Surgeons warn NHS has entered constant winter of Narnia
09 Sep 2016
NHS England performance data published today for July 2016 shows that the Government’s official waiting time target for planned treatment has been missed again. It is the worst official waiting times performance since 2011.
The data show that at the end of July 2016, 91.3% of patients waiting to start consultant-led elective treatment were waiting up to 18 weeks. The Government’s target is 92%. The number of delayed days for transfers of care also rose from 171,298 in June 2016 to 184,188 delayed days in July 2016. This month is the highest figure since monthly data was first collected in August 2010. The A&E four hour target has again been missed with only 90.3% of patients meeting the target.
Miss Clare Marx, President of the Royal College of Surgeons, said:
“It feels as if the NHS has stepped through the wardrobe and into the perpetual winter of Narnia. The sorts of winter pressures on waiting times and accident and emergency services are continuing well into summer. We would usually expect an improvement in waiting times over the spring and summer months however the Government’s target for consultant-led referral to treatment waiting times has not been met since February.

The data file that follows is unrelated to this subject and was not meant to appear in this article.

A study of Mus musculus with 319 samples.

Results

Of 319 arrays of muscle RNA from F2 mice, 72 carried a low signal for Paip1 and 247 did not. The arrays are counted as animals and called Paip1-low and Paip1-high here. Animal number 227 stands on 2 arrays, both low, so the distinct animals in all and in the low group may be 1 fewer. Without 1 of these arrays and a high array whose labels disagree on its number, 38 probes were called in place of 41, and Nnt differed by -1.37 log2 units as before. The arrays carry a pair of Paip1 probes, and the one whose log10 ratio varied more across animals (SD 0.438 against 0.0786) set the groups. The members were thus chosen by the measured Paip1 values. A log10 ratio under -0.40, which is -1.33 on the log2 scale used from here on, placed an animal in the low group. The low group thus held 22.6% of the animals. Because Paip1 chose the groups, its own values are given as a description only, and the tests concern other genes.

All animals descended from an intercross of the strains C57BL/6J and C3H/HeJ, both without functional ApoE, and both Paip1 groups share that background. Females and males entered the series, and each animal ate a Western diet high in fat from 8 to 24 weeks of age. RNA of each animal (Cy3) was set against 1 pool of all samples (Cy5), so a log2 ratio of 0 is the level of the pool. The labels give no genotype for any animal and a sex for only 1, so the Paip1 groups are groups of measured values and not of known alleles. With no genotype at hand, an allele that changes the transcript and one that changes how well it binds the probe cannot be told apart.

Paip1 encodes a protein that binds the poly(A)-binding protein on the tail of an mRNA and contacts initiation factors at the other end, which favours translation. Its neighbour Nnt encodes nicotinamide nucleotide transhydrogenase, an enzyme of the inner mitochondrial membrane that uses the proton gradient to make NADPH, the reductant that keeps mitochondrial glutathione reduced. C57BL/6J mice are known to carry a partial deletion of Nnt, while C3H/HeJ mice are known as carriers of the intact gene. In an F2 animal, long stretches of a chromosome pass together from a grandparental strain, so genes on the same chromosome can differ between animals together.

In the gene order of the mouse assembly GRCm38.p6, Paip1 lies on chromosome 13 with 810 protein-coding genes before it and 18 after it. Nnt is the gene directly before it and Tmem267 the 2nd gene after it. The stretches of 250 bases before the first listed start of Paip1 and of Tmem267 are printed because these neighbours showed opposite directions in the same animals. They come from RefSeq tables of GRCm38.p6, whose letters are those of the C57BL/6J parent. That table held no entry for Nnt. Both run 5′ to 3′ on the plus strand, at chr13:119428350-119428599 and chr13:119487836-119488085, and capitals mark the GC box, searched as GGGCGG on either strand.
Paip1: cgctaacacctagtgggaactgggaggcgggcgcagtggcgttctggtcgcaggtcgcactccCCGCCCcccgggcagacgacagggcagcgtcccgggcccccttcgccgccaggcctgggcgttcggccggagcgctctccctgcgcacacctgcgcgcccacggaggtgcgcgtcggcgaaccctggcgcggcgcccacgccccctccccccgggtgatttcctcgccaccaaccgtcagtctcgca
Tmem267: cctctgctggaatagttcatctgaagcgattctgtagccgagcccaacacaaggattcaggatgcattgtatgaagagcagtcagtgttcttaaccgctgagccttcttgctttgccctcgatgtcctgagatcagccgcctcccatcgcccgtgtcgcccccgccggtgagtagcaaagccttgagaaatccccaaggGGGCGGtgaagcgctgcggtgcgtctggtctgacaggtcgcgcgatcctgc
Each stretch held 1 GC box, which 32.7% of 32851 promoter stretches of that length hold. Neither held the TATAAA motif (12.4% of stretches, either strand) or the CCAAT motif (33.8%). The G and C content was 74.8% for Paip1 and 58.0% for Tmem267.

“We cannot forget that behind these statistics are potentially very ill and anxious patients who are being made to wait far too long for treatment. This is the true impact of the serious financial pressure we’ve seen the NHS come under in recent months.
“Bed capacity is also a major concern. Patients’ treatment is too often delayed because there is no space on wards for them after their operations. Unless the NHS and social care does more to help patients leave hospital sooner and the elective bed capacity increases, I fear we will not see waiting times improve.
“The forthcoming autumn statement offers an opportunity for the Government to provide more money for the NHS and social care, and to agree to a cross-party Commission to review how we can make the NHS sustainable for the long-term. Without a serious look at what the NHS needs in funding we will remain in a state of constant winter.”
Notes to editors
The Royal College of Surgeons of England is a professional membership organisation and registered charity, which exists to advance surgical standards and improve patient care.